Possible Learning Activities

  • In small groups, students could brainstorm how friends can help us. They put each idea on a separate card. Students group the cards and give each group a heading.
  • Discuss the characteristics of three types of friends (acquaintances, mates, and best friends) and how friends can contribute to emotional well-being and to feelings of self-worth.
  • Discuss the qualities students value in best friends, acknowledging that not everyone has a best friend and that few people have more than one or two. Note that different people value different features about friends.
  • Students can then list the qualities that they consider their best friend to have and the qualities they consider that they offer their best friend.
  • Discuss with the class how these qualities develop over time and need to be maintained. Students need to know that things may go wrong in every friendship and that everyone makes mistakes.
  • Students could now prepare two fictitious letters to an agony aunt’s column. One is from Nigel Nomates, who stands around quietly at playtime waiting for someone to ask him to play; the other is from Con Ceted, who can’t seem to make friends even though she has told everyone how fantastic she is.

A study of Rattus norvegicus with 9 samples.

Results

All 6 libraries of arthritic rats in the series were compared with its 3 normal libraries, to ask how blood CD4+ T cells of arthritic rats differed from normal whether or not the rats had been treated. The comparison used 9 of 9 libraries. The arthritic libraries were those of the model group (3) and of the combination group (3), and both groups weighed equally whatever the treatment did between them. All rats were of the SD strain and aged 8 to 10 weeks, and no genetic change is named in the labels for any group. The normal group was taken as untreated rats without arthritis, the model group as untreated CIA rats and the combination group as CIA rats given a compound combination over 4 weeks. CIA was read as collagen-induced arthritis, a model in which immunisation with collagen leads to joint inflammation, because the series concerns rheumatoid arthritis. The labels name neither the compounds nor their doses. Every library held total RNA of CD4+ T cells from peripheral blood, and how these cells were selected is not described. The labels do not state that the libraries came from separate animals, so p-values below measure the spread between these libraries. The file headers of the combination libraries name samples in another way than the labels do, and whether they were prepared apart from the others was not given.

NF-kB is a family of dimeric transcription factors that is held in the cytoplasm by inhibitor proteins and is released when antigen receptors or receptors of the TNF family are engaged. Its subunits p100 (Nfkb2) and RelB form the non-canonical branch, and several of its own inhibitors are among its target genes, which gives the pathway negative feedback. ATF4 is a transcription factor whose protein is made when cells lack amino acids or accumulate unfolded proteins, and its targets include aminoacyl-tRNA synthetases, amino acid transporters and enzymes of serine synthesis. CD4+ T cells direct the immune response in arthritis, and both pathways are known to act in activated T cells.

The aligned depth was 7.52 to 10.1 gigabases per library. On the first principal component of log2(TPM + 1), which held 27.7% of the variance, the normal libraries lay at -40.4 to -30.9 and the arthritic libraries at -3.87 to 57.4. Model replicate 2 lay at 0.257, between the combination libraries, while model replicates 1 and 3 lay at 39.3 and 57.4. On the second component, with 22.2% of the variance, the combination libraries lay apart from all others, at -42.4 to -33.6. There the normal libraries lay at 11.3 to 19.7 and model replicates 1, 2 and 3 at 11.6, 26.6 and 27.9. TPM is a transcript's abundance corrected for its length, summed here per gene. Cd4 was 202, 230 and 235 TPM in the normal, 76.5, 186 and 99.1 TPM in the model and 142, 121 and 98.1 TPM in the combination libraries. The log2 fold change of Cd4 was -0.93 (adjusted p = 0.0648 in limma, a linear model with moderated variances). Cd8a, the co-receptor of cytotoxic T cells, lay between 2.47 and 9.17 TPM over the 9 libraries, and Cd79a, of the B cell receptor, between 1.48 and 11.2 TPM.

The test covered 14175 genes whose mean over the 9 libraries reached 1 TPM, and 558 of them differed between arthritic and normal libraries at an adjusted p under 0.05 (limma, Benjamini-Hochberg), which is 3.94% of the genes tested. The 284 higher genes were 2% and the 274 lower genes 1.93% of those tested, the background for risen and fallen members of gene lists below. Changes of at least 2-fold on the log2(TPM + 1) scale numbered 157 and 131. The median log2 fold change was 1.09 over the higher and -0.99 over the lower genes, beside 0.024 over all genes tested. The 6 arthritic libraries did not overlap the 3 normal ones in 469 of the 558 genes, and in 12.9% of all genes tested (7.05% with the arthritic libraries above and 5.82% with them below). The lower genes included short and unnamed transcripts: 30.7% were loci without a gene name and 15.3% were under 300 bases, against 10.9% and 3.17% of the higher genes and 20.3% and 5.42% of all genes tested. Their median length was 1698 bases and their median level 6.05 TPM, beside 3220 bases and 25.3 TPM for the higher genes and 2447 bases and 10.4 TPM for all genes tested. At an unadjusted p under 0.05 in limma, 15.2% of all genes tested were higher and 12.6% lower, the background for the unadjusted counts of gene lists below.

• Students discuss why these characters have difficulty in attracting friends.
  • Students write replies to both people with helpful individual suggestions and develop a list of ways that class members might help these students.

Suggested Learning Outcomes

Students will:

  • identify the qualities of friendship and how to maintain friendships (3C1)
  • describe attitudes and values that help establish and maintain friendships (2C1).

Hauora

(particularly taha whanau and taha hinengaro)

Interacting with others and enhancing emotional well-being through friendships.

Attitudes and Values

Being responsible for their own well-being, respecting the rights of others, and displaying care and concern for others.

Teachers' Note

For more learning experiences related to friendship, see Reaching Forward, pages 51–65, and Making Friends.